This year, there’s no shortage of swag catering to fans of any of the Republican presidential contenders. Newt Gingrich fans, for instance, might like this lovely “Newt 2012” necklace we spied at CafePress.com. It may not come in a little blue box, but at $19.50, it’s affordable even if you’re not a hot ticket on the lecture circuit.
Opponents of former Massachusetts governor Mitt Romney (and this could include Republicans or Democrats) will love a pair of Romney flip-flop sandals, perfect for showering at the gym — and displaying one’s displeasure at the GOP front-runner’s somewhat flexible persona.
There are several models to choose from on CafePress.com, including a pair featuring the word “No!” on one shoe and “Yes!”on the other. Another reads “Mitt Flips!” on one and “Mitt Flops!” on the other.
An extra reusable shopping bag is always handy, and Democrats will enjoy one with a lavish illustration of first lady Michelle Obama
on a swing above the phrase “First Lady of Fabulous.” Actually, this one’s several steps above a gag — it’s actually campily stylish and was designed by noted British illustrator Fiona Hewitt.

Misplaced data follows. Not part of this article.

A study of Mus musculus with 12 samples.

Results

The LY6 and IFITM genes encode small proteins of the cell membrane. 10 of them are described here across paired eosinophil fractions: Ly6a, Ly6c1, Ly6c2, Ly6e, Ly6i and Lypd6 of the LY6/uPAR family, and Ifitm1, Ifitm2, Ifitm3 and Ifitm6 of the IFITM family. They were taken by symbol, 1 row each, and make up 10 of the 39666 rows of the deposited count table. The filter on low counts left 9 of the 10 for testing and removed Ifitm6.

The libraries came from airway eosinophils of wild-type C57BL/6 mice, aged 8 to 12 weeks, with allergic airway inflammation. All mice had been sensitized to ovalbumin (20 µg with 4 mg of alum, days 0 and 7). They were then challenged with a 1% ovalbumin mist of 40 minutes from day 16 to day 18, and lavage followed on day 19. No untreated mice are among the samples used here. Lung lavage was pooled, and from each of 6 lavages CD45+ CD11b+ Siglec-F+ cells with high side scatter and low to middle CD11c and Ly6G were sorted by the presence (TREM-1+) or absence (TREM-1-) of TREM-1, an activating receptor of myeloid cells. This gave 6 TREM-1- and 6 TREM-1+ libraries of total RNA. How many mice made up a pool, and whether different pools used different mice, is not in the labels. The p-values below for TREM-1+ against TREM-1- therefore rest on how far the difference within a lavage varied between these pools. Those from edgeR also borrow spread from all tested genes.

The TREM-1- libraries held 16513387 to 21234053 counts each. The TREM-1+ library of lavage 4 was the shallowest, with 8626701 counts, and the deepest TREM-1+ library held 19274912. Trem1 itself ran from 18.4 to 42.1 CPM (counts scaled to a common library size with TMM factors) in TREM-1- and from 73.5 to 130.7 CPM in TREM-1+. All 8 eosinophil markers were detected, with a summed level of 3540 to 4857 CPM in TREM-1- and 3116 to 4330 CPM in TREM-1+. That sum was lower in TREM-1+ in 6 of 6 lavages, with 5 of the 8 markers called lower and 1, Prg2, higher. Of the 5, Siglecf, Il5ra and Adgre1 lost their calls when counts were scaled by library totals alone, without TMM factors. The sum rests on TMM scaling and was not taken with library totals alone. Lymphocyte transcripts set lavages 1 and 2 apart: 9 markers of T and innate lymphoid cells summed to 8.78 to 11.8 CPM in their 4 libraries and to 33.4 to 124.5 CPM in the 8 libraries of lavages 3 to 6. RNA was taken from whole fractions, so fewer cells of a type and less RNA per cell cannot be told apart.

And there’s something for everyone from noted Washington jeweler Ann Hand. Her shop offers those lovely Swarovski campaign pins that make for a classy alternative to a loud plastic button. Choose “Obama 2012” or any of the top Republican candidates (yes, even Ron Paul).
As a broader theme, we continue to note that there are classier options for Republican gifts than for their Dem counterparts. For example, the Capitol Hill Club offers GOP merchandise that a member of the 1 percent might like. Cuff links, for example, or a subtle elephant-print silk tie. Or a Limoges box.
In contrast, Democrats have options that are far more, well, Everyman. Take the tote bags and pink “Democratic Woman” T-shirts offered on the Democratic National Committee’s site.
Much more bowling alley than boardroom.
Latino lawmakers and organizations are furious over the Senate’s failure to break a GOP filibuster of the nomination of recess appointee
Mari Carmen Aponte
to remain in her post as ambassador to El Salvador.
The Obama administration and Senate Democrats fell 11 votes short of the 60 needed to bring the nomination to a vote. Without confirmation, Aponte will lose her ambassadorship at the end of this year.
Latinos specifically singled out Sen. Marco Rubio
(R-Fla.) for blame, with Rep. Nydia Velazquez (R-N.Y.) saying he “promised to be the voice of Puerto Ricans in the Senate” but declined to “use that voice in support of a Puerto Rican woman who has shown she is immensely qualified.”